Civilians in Postwar Belgium
The Ministry of Economic Affairs (War Damages Office) was first of all responsible for examining war damage people sustained between 1914 and 1918. The first annuities, allowances and settlements were paid by the Ministry of Finance, pursuant to war damage court decisions. This responsibility was then handed over to the Ministry of War Victims.
1 April 1946 was the date when the Ministry of Reconstruction was created to take over the services of the Ministry of War Victims (Personal Damages Administration). This administration was taken over by the Ministry of Public health and the Family in 1952, and by the Federal Public Service for Social Security – Directorate-General for War Victims in 2001.
There is no doubt of the intention to offer advantages to all the victims, of any kind, whether shot by chance or subsequent to a judgment, whether they be people who died after they were deported or as a result of their deportation.
ALLOWANCES FOR CIVILIAN VICTIMS. They are calculated on the basis of scales, identical to those of military victims. The first ones were published on 12 June 1919, and have been constantly updated until the present day. In late 1920, 223,322 requests were made to the war damages courts, worth an overall value of 123,523 million Francs. The final deadline for submitting a request within this context was set as 31 December 1928.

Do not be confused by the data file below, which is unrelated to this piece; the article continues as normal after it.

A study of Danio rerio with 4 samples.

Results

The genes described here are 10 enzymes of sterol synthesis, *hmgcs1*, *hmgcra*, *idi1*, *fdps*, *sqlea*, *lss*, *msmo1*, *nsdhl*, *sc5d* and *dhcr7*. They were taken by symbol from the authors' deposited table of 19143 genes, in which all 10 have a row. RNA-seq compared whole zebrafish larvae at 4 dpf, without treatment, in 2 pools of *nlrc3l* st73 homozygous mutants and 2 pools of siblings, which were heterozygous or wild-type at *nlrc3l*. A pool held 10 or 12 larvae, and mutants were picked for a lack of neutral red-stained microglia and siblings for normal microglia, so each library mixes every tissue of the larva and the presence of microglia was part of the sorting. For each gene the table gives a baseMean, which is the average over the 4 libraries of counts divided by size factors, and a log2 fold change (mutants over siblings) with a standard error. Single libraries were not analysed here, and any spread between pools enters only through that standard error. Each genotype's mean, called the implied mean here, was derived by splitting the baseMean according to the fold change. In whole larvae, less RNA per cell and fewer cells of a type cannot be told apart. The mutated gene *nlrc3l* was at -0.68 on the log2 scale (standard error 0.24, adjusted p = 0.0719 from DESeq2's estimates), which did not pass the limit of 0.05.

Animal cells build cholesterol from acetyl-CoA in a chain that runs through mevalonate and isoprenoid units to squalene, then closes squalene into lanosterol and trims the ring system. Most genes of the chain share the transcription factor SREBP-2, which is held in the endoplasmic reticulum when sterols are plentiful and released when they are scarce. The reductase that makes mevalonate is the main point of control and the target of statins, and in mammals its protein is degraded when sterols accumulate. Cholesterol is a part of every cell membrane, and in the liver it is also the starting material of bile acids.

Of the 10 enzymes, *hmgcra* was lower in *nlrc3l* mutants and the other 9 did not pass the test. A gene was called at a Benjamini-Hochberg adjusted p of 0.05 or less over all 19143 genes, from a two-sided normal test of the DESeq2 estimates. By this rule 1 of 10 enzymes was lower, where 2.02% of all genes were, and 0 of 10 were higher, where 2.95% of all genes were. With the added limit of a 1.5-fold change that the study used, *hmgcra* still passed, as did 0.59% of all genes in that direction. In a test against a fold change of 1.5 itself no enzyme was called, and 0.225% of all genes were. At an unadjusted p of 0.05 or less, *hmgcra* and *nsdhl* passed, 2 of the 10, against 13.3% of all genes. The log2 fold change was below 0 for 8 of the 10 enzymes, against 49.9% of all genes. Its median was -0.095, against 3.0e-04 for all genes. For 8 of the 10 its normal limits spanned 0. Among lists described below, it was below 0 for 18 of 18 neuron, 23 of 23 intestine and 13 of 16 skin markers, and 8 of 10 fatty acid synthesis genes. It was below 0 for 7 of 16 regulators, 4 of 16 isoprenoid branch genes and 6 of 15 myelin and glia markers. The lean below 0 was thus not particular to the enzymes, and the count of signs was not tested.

Paid to military and civilian victims of the 1914-1918 war, pensions, annuities and allowances were settled by the National War Pensions Fund after 1925. The responsibility was transferred to the Public Federal Service for Justice in 1979 and to the Public Sector Pensions Service in 2014.
By 2013, the annual budget for these annuities paid to civilian victims and their assignees owing to the 1914-18 war was equal to €290,000.
Find out more about Belgian victims of war in your family or abroad.